Beauties of the night, and of the day…
In early July the Scottish Wildlife Trust arranged a walk around the Chisholme Estate.
We were fortunate enough to have as our guides Alison Smith, Malcolm Lindsay and Sarah Eno, all extremely well versed in things to do with nature. Malcolm, who knows a lot about moths, suggested setting traps the night before. The day could then start with a look at what the traps had to offer, followed by a tour of the estate, ending with a hike up to Chapel Hill and back down for afternoon tea at Chisholme. Would that be enough to fill a day, we wondered?
Saturday morning arrived, and more than 30 people assembled from all corners of the Borders; for many this was their first visit to Chisholme.
Malcolm had set two traps – one near the house and one at the top of Whitrig Wood. There is a good variety of deciduous trees around the house, and an abundance of birch in Whitrig which would attract different kinds of night-flying insects. Once in the trap, moths tend to crawl into shelters made up of egg-boxes, where they can safely stay until daytime, and after inspection be released unharmed.
Everyone collected near the garden table on the front lawn and Malcolm opened the traps. Taking the greatest possible care he gently prised out the egg-boxes one by one, to see what the previous night might have yielded.
You may be forgiven to think that of all the lovely things the Chisholme Estate has to offer, moths would be somewhere very low down on a list of priorities….but for those of us present on that Saturday morning, there was a very pleasant surprise!
Starting top right and going clockwise:
Poplar Hawk Moth; Green Carpet; Lt Emerald & Burnished Brass & Dark Marbled Carpet; Beautiful Golden-Y; Brimstone moth; 2 Mottled Beauty (above and below) then from the left Lesser Swallow Prominent, Green Carpet, Lempke’s Gold Spot, Pebble Prominent
Just two traps in one night in July produced over 65 different species of moth – each with a beautiful and poetic name, doing justice to their delicate and subtle differences – such as Common Lutestring, Angel Shades, True Lovers Knot, Smoky Wainscot, Burnished Brass, Mottled Beauty… We spent a spellbinding hour delighted by these lovely creatures, who gave us a glimpse into just one tiny facet of that extraordinary world of the night, of which most of us are usually quite unaware.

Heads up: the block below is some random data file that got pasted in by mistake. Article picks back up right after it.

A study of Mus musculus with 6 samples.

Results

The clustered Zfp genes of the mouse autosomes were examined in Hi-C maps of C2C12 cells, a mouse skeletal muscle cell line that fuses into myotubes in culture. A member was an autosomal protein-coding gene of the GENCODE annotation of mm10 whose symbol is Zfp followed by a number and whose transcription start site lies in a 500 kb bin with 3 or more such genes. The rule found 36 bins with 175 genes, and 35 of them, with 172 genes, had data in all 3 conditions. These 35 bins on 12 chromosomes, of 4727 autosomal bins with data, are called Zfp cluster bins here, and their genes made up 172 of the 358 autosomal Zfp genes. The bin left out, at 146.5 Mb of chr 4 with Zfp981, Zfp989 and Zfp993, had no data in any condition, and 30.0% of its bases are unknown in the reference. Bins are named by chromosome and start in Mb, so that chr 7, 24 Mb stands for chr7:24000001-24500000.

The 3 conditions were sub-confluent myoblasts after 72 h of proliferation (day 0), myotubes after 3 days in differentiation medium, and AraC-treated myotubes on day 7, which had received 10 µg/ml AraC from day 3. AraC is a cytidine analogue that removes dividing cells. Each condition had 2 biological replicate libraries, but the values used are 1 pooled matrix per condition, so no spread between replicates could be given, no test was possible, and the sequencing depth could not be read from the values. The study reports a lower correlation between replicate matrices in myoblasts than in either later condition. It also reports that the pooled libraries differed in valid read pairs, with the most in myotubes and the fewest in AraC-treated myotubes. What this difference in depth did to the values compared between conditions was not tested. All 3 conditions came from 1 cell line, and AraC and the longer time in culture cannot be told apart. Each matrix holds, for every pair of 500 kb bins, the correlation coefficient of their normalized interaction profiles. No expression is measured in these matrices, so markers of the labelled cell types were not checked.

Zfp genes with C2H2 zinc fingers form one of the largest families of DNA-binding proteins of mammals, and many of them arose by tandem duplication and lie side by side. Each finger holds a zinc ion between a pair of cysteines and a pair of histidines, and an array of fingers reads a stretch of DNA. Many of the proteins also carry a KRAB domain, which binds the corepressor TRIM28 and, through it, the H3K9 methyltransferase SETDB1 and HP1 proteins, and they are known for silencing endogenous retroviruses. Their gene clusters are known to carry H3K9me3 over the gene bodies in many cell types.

Lesser Swallow Prominent; Lempke's Gold Spot; Garden Tiger and Peppered Moth; Elephant Hawk Moth
We then moved to Jili’s beautiful woodland garden, overflowing with foxgloves and other woodland flowers, to look for red squirrels, admired the swan family on the lake, and proceeded down the drive to enter Whitrig Wood.
Whitrig Wood, or the Wild Woods, as many call them, is indeed a wild and wonderful place. The woods had been partly clear-felled in the early 1980s and then left virtually untouched to re-generate of their own accord. For unknown reasons, a few trees, including oak, rowan and Caledonian pines, had been left standing and these have now matured into magnificent trees of great character. They stand between the half-rotten trunks of old windfalls and thickets of young birch, adding a touch of magic and mystery to these woods and providing food and shelter to a myriad of creatures, from fungi and lichen to orchids, woodpecker, deer, fox and buzzard.
We spent hours in the woods, being shown countless details large and small, in particular by Sarah Eno, who is a very experienced botanist. Here are some of the things she pointed out: the easily visible woodland plants at that time year are typical ferns like Male Fern, Broad Buckler Fern and very fine scrambling Bedstraws - Marsh Bedstraw especially. Many flowering plants like Marsh Avens had finished flowering and were left with their little spiky seed burrs like a bad hair day. There was a beautiful 'Melancholy Thistle' in flower in the lower part of the woods; it is named so because apparently it was used to treat melancholy; certainly when in flower it does! There were several Heath Spotted Orchids, which flower slightly later than other orchids, and up on the moor there was the very bright yellow of the iris family plant, Bog Aspodel. It is known also as Bonebreaker (Narthecium ossifragum) because it was thought that lambs feeding on it got brittle bones, but the truth is, that it was calcium deficiency in the pasture. However a known side-effect of eating the plant is apparently that it increases the sensitivity of lambs skin (esp. ears) to sunburn, if they eat the plant.
Once we reached the top of the hill, there was only time for a quick sortie to the moorland, and then it was time to return to the house.
Colin, Julie, Hiroko, Lucy and the many volunteers at Chisholme House had prepared a magnificent afternoon tea for us, with poppy seed cake and banoffi pie, and we all left happy, well fed and deeply nourished by the beauty of the day.